What is a professional sports organization to do when its biggest star has fallen?
Tiger Woods has been the single greatest draw in the PGA since he burst onto the scene in 1996. His superstar status, combined with a pristine public image, placed him at the head of the list of America’s wealthiest athletes (a prestigious list to headline).
The fact is that Tiger Woods became the biggest name in American sports. But you know what they say – the bigger they are, the harder they fall.
Loyal Homer discusses the problems that Tiger has brought on himself since his indiscretions became public. He has already lost in millions from sponsorships and endorsements, and may be losing his family. Whether or not you believe they are warranted, those are pretty stiff penalties to pay for cheating on your wife.
Loyal Homer also asks the question “What law did Tiger Woods break?”
The answer to that question is ‘None’. Tiger did not commit a single crime. So why are all of his sponsors dropping him? If he didn’t break any laws, they have no need to distance themselves, right?
Sponsors are severing ties with Tiger for one reason – he is no longer a positive ambassador to represent their organization. And just as sponsors are taking measures to distance themselves from Tiger in the interest of protecting their brands, I am awarding the verdict to Babe Ruthless for accurately highlighting the responsibility of the PGA to protect its brand first.
As Babe Ruthless points out, the PGA has established itself as a “gentleman’s game”. Honor and respect are a MAJOR factor in a sport where the athletes are expected to report their own violations and keep their own scores (for example). There can be no more dishonorable perception than the one currently held by Woods, and the PGA must take action to address that problem.
There can be no denying that Tiger’s scandal has become a huge distraction to the Tour. There can also be no denying that his return to the game will create a brand new media frenzy, which will become another major distraction. The problem with the situation is that right now, Tiger Woods still controls all the cards.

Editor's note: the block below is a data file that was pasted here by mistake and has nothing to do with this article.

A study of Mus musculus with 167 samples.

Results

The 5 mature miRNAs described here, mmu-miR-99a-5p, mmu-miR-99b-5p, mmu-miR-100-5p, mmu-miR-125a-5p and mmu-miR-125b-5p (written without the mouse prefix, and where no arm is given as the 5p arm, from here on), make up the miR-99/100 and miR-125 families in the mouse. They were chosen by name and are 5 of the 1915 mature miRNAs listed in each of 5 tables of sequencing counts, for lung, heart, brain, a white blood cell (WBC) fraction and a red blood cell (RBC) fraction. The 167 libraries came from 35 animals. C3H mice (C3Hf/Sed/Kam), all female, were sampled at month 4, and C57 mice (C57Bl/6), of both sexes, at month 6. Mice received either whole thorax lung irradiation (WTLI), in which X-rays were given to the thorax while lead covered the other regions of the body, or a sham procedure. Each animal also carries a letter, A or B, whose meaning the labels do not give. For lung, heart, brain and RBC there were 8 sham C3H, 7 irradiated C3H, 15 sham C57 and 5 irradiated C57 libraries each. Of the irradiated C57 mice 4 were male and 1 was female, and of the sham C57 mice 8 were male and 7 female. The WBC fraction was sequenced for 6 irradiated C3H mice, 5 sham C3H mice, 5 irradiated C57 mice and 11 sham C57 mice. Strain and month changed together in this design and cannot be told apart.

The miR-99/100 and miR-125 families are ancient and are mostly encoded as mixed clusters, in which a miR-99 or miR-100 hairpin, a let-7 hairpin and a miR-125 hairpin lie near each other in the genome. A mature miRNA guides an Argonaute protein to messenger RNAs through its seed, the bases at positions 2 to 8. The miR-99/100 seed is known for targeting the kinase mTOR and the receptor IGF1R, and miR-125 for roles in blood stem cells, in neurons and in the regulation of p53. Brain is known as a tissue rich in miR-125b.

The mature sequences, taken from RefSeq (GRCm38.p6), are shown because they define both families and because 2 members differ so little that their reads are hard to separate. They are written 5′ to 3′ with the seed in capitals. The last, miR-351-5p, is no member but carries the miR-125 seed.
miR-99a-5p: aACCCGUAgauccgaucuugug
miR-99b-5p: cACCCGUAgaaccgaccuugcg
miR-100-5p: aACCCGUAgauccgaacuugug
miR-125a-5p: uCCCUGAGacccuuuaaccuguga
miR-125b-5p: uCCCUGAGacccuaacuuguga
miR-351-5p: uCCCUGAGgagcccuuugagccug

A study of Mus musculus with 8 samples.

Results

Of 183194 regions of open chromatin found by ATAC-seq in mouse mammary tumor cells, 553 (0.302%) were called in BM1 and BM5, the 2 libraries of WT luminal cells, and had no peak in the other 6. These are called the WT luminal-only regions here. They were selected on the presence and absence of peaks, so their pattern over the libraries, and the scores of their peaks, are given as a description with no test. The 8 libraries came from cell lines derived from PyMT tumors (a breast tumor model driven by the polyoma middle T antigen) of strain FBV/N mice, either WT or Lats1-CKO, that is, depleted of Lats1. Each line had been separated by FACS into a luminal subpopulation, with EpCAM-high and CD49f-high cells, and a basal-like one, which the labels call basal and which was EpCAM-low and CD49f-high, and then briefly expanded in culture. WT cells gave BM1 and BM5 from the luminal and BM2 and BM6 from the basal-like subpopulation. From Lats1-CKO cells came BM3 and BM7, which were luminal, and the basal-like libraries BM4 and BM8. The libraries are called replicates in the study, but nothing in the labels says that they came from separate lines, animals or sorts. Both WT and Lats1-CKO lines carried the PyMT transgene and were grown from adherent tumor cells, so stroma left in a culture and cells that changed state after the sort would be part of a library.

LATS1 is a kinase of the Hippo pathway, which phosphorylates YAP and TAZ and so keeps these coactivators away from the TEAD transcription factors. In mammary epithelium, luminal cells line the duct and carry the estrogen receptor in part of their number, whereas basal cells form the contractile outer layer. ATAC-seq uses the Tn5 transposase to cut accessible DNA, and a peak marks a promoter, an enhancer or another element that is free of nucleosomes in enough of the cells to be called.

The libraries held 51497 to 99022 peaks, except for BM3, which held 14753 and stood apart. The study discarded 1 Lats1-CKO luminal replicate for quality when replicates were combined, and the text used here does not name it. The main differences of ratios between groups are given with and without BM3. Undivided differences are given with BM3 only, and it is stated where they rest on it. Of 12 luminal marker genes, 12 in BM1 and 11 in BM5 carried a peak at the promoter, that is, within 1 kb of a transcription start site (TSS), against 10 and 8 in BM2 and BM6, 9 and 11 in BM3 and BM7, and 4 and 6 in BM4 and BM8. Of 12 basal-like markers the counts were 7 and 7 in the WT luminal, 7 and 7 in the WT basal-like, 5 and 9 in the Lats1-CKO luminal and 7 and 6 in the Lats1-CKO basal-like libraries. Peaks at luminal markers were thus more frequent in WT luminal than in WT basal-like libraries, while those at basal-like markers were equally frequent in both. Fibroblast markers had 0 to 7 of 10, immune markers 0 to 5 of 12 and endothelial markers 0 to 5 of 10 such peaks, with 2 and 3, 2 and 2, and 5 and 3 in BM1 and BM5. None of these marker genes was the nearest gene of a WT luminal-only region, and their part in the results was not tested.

He is clearly not willing to publicly partner with the PGA in dealing with the carnage from this scandal. Rather than take the responsible steps of working WITH the PGA in transitioning himself back into the game, he has become a recluse. He has withdrawn completely from society, only popping his head up out of the sand when he wants to make a public statement, refusing to answer ANY questions in the process. He continues to try and dictate exactly what happens around him, with little to no regard for how it affects others (a trait he appears to have mastered through his infidelity).
When he ultimately decides to return to competition, one can only assume he will attempt to handle it in the same controlling and selfish manner. He will hold a press conference to announce his return to the game, likely having given no forewarning to Tour officials, and the PGA will be left to negotiate the logistics of a press circus that was unanticipated, but will most certainly ensue at that first tournament.
Tiger needs to understand, though, that he is not bigger than the PGA Tour. The PGA does not exist to cater to each of his whims and desires. While he has become a major financial draw for the organization, it existed just fine BEFORE he came along, and it will continue to plug along after he has left the game.
There is no way to avoid the many problems for the PGA and its OTHER players (who SHOULD be the PGA’s primary concern right now) upon Tiger’s inevitable return to the game. The PGA can take measures, however, to PREPARE for it by setting their own terms for his return. It would allow them to regain control of the situation, which is necessary to help protect their brand.
By suspending Tiger Woods, the PGA can send a very clear message to Tiger that his actions were not acceptable for an ambassador of the game of golf, and that it will not tolerate distractions as grand as his from the game. It is the Professional GOLFERS Association, not the Professional TIGER WOODS Association. The PGA needs to act in the best interest of ALL of its members.